I’ve always been a fan of sports. As a kid I remember listening to Dizzy Dean and Pee Wee Reece call the one baseball game of the week that was broadcast on T.V. I had a Yogi Berra catcher’s mitt when I played catcher in Little League. In the summer of 1971, while camping with my family, we listened via radio as Jack Buck described Bob Gibson’s no-hitter. During the 1960’s my family lived in Alabama where Bear Bryant was almost equal to deity, so I had to be an Alabama fan. When Joe Namath went to play pro football with the New York Jets, my allegiance went with him. For the past several decades I’ve been a fan of the Atlanta Braves and the University of Tennessee. And when the Houston Texans moved to Nashville, I became a fan of the Titans.
Sadly, all three of my teams have fallen on hard times in recent years, which means they are more famous for blowing leads and finding creative ways to lose than they are for winning championships.
Recently, in a fit of hopeless despair following a weekend when all three of my teams lost, I posted on Facebook that I was going to have to find some new teams to root for. Not that I really intended to change loyalties. It was just a frustrated cry of pain and agony. What I expected from followers was a chorus of sympathy singing, “I feel your pain, brother.” What I got was a virtual being dragged through the streets by a mob, placed in stocks in the town square, and pelted with rotten fruits and vegetables.
People were outraged at my attitude of deserting my team just because they weren’t winning. The mob cried out, “Fans don’t quit on a team just because they are losing!” “What is wrong with you?!” “Are you just a fair-weather fan?!”
This experience got me to thinking about people’s attitudes toward marriage. Fewer and fewer people are getting married, preferring to just live together. Marriage itself is treated like a throw-away commodity, producing a staggering divorce rate. While I understand that in some cases the dissolution of a marriage is the reasonable option, in most marriages that is not the case.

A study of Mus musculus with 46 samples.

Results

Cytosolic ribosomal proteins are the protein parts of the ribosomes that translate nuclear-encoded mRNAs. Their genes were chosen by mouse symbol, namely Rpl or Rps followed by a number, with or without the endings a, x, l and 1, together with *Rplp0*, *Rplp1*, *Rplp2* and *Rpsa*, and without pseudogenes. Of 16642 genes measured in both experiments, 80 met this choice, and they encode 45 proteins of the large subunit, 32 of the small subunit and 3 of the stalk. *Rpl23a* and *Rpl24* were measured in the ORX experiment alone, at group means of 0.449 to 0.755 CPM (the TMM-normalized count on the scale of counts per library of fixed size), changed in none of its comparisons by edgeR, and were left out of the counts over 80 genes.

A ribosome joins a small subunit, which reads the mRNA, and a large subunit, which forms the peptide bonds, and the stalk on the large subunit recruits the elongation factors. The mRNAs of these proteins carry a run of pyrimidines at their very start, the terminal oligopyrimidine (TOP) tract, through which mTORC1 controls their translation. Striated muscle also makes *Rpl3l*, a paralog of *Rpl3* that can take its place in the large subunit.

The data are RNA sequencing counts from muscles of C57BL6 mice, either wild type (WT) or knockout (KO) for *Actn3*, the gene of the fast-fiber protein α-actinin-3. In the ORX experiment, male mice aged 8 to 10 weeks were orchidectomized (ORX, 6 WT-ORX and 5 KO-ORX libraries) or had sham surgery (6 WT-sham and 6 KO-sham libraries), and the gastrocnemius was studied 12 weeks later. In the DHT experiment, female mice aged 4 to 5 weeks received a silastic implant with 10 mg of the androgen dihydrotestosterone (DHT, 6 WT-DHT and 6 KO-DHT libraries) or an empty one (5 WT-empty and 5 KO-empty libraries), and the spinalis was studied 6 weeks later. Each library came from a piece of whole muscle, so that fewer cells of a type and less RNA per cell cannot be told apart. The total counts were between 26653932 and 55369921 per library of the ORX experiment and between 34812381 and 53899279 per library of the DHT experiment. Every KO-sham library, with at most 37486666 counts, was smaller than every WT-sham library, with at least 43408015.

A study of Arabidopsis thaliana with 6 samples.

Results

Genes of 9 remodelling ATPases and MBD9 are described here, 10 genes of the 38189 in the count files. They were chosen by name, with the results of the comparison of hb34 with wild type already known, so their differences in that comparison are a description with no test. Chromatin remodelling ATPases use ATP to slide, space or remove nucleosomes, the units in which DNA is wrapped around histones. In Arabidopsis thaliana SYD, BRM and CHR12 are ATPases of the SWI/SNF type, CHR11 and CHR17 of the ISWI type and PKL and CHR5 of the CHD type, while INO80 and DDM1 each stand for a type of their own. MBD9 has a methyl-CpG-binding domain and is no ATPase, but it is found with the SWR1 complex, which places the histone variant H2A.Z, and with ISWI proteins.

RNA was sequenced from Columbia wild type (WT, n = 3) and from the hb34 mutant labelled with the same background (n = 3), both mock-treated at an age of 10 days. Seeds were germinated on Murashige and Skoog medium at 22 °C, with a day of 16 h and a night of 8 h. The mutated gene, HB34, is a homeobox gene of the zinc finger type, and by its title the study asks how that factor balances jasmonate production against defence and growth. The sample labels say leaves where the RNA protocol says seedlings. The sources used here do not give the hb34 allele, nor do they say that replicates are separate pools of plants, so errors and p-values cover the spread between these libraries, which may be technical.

So what would happen if people had the same attitude toward their marriage as they have toward their favorite sports team? Take these common sayings by sports fans:
“There’s always next year.” Sports fans are eternal optimists. Not every member on a team can bring their “A game” every single time. Your spouse is not always going to be on their “A game” either. They are going to disappoint you. It’s inevitable. Does that mean it’s time to “change teams?” What if you encouraged them instead of hammering them for failing you? How would that make them and you feel?
“If it weren’t for injuries, we’d have a good team.” Nearly every team starts the year with everyone in good health, but injuries are certain to follow. Sometimes your spouse will incur an injury – death of a loved one, depression, losing a job – that will prevent them from “performing” up to their and your expectations. Is that when you should cut them from your team and find a replacement? Or should you try to be helpful during this difficult time and give them the time they need to heal?
“Just hang in there.” Sports teams move through cycles. Take for instance the Atlanta Braves. I followed them during the Dale Murphy years, even watching Ted Turner come out of the stands to manage the team. The only good thing about those years was watching the talented Murphy. Then they went through a stretch of winning pennants year after year (ah, those were the days). But now? Well, not so much. Marriages go through cycles, too. I’ve been married nearly forty-two years. During that time there have been amazing stretches, but there have also been times that were less than stellar. My wife and I have learned to take the cycles in stride and not panic. We take stock of ourselves and see what we need to do to get back on track.
“You can’t give up.” To quit on a team just because you are unhappy with them is unthinkable to the true sports fan. You continue to root for them, cheer for them, and wear team clothing. In a word, you do everything you can to encourage them to do better. Many marriages would be transformed if each spouse would take the same approach with each other.
If your marriage is not where you’d like it to be, maybe you need to readjust your attitude and approach. Be a true fan of your marriage. The end result may make it well worth the effort.